Yet another answer here:… – travelingbones Sep 29 at 18:36

6 Answers 6

up vote 20 down vote accepted

I'd use simplejson.dumps(somearray.tolist()) as the most convenient approach (if I was still using simplejson at all, which implies being stuck with Python 2.5 or earlier; 2.6 and later have a standard library module json which works the same way, so of course I'd use that if the Python release in use supported it;-).

In a quest for greater efficiency, you could subclass json.JSONEncoder (in json; I don't know if the older simplejson already offered such customization possibilities) and, in the default method, special-case instances of numpy.array by turning them into list or tuples "just in time". I kind of doubt you'd gain enough by such an approach, in terms of performance, to justify the effort, though.


import base64
import json
import numpy as np

class NumpyEncoder(json.JSONEncoder):

    def default(self, obj):
        """If input object is an ndarray it will be converted into a dict 
        holding dtype, shape and the data, base64 encoded.
        if isinstance(obj, np.ndarray):
            if obj.flags['C_CONTIGUOUS']:
                obj_data =
                cont_obj = np.ascontiguousarray(obj)
                obj_data =
            data_b64 = base64.b64encode(obj_data)
            return dict(__ndarray__=data_b64,
        # Let the base class default method raise the TypeError
        return json.JSONEncoder(self, obj)

def json_numpy_obj_hook(dct):
    """Decodes a previously encoded numpy ndarray with proper shape and dtype.

    :param dct: (dict) json encoded ndarray
    :return: (ndarray) if input was an encoded ndarray
    if isinstance(dct, dict) and '__ndarray__' in dct:
        data = base64.b64decode(dct['__ndarray__'])
        return np.frombuffer(data, dct['dtype']).reshape(dct['shape'])
    return dct

expected = np.arange(100, dtype=np.float)
dumped = json.dumps(expected, cls=NumpyEncoder)
result = json.loads(dumped, object_hook=json_numpy_obj_hook)

# None of the following assertions will be broken.
assert result.dtype == expected.dtype, "Wrong Type"
assert result.shape == expected.shape, "Wrong Shape"
assert np.allclose(expected, result), "Wrong Values"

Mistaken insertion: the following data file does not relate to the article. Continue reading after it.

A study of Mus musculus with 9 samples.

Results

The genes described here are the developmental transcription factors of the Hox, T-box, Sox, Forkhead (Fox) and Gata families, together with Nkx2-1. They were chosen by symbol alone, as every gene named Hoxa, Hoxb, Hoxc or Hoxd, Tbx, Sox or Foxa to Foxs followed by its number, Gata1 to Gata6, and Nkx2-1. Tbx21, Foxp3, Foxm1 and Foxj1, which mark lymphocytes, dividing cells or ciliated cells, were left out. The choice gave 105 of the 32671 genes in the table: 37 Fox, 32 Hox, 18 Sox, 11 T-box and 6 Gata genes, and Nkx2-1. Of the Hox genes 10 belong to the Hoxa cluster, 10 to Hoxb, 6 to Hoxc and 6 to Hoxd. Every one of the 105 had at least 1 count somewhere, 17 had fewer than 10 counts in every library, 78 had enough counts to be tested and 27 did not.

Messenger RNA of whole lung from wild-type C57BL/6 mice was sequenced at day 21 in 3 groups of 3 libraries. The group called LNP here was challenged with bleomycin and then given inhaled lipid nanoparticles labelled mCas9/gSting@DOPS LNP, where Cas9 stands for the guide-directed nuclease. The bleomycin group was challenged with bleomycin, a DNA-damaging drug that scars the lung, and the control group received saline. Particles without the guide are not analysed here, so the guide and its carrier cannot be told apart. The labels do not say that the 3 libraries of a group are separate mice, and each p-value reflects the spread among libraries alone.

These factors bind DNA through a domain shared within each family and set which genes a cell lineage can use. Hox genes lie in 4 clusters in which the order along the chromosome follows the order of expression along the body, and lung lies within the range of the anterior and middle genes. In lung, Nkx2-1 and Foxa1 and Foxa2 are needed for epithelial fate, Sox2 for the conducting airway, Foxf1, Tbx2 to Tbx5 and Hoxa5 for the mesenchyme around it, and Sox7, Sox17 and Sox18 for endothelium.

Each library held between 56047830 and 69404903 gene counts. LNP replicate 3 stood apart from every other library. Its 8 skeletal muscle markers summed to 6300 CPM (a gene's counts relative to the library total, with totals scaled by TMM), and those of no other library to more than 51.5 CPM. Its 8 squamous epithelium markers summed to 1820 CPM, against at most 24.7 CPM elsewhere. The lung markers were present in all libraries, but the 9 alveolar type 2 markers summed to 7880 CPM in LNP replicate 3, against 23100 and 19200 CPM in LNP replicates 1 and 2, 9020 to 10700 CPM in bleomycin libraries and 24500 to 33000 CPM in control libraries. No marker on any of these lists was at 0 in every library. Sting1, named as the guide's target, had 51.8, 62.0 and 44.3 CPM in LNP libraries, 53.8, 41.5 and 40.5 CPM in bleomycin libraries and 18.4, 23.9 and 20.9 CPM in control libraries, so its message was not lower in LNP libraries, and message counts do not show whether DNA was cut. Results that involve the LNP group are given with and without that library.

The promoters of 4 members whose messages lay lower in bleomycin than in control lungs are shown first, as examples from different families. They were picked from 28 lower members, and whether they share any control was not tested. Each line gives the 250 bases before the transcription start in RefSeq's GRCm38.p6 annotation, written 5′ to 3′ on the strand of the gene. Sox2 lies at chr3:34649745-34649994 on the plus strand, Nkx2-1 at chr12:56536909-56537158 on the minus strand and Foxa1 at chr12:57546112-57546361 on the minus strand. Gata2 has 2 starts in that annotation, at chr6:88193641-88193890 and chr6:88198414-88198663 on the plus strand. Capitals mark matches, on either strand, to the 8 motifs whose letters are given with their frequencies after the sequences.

Agreed, this solution works in general for nested arrays, IE a dictionary of dictionary of arrays.… – Adam Hughes Jan 13 at 17:49
This is one of those hidden but precious SO gems that saves you hours and hours of work. – Def_Os Sep 10 at 22:46
Can you adopt this to work with recarrays? dtype=str(obj.dtype) truncates the list of the recarray dtype into a string, which cannot be correctly recovered upon reconstruction, without conversion to string (i.e. dtype=obj.dtype) I get a circular reference exception :-( – Marti Nito Oct 2 at 14:29
This encodes the values of the array safely, which is good. However, if you want the values in the resulting JSON to be human-readable, you can consider leaving out the base64 library and simply convert to list. One could do data_json = cont_obj.tolist() in the encoder, np.array(dct['__ndarray__'], dct['dtype']).reshape(dct['shape']) in the decoder. – Def_Os Oct 8 at 0:26

I found this json subclass code for serializing one-dimensional numpy arrays within a dictionary. I tried it and it works for me.

class NumpyAwareJSONEncoder(json.JSONEncoder):
    def default(self, obj):
        if isinstance(obj, numpy.ndarray) and obj.ndim == 1:
            return obj.tolist()
        return json.JSONEncoder.default(self, obj)

My dictionary is 'results'. Here's how I write to the file "data.json":

This did not work for me. I had to use return obj.tolist() instead of return [x for x in obj]. – nwhsvc Jul 31 '13 at 0:04
I prefer using numpy's object to list - it should be faster to have numpy iterate through the list as opposed to having python iterate through. – Charles L. Jun 24 '14 at 21:56

This shows how to convert from a numpy array to json and back to an array:

    import json
except ImportError:
    import simplejson as json
import numpy as np

def arr2json(arr):
    return json.dumps(arr.tolist())
def json2arr(astr,dtype):
    return np.fromiter(json.loads(astr),dtype)

# '[0, 1, 2, 3, 4, 5, 6, 7, 8, 9]'
# array([0, 1, 2, 3, 4, 5, 6, 7, 8, 9])

class NumpyAwareJSONEncoder(json.JSONEncoder):
    def default(self, obj):
        if isinstance(obj, np.ndarray) and obj.ndim == 1:
                return obj.tolist()
        elif isinstance(obj, np.generic):
            return obj.item()
        return json.JSONEncoder.default(self, obj)

class NumpyAwareJSONEncoder(json.JSONEncoder):
    def default(self, obj):
        if isinstance(obj, numpy.ndarray):
            if obj.ndim == 1:
                return obj.tolist()
                return [self.default(obj[i]) for i in range(obj.shape[0])]
        return json.JSONEncoder.default(self, obj)

This will simply turn a n-dimensional array into a list of lists with depth "n". To cast such lists back into a numpy array, my_nparray = numpy.array(my_list) will work regardless of the list "depth".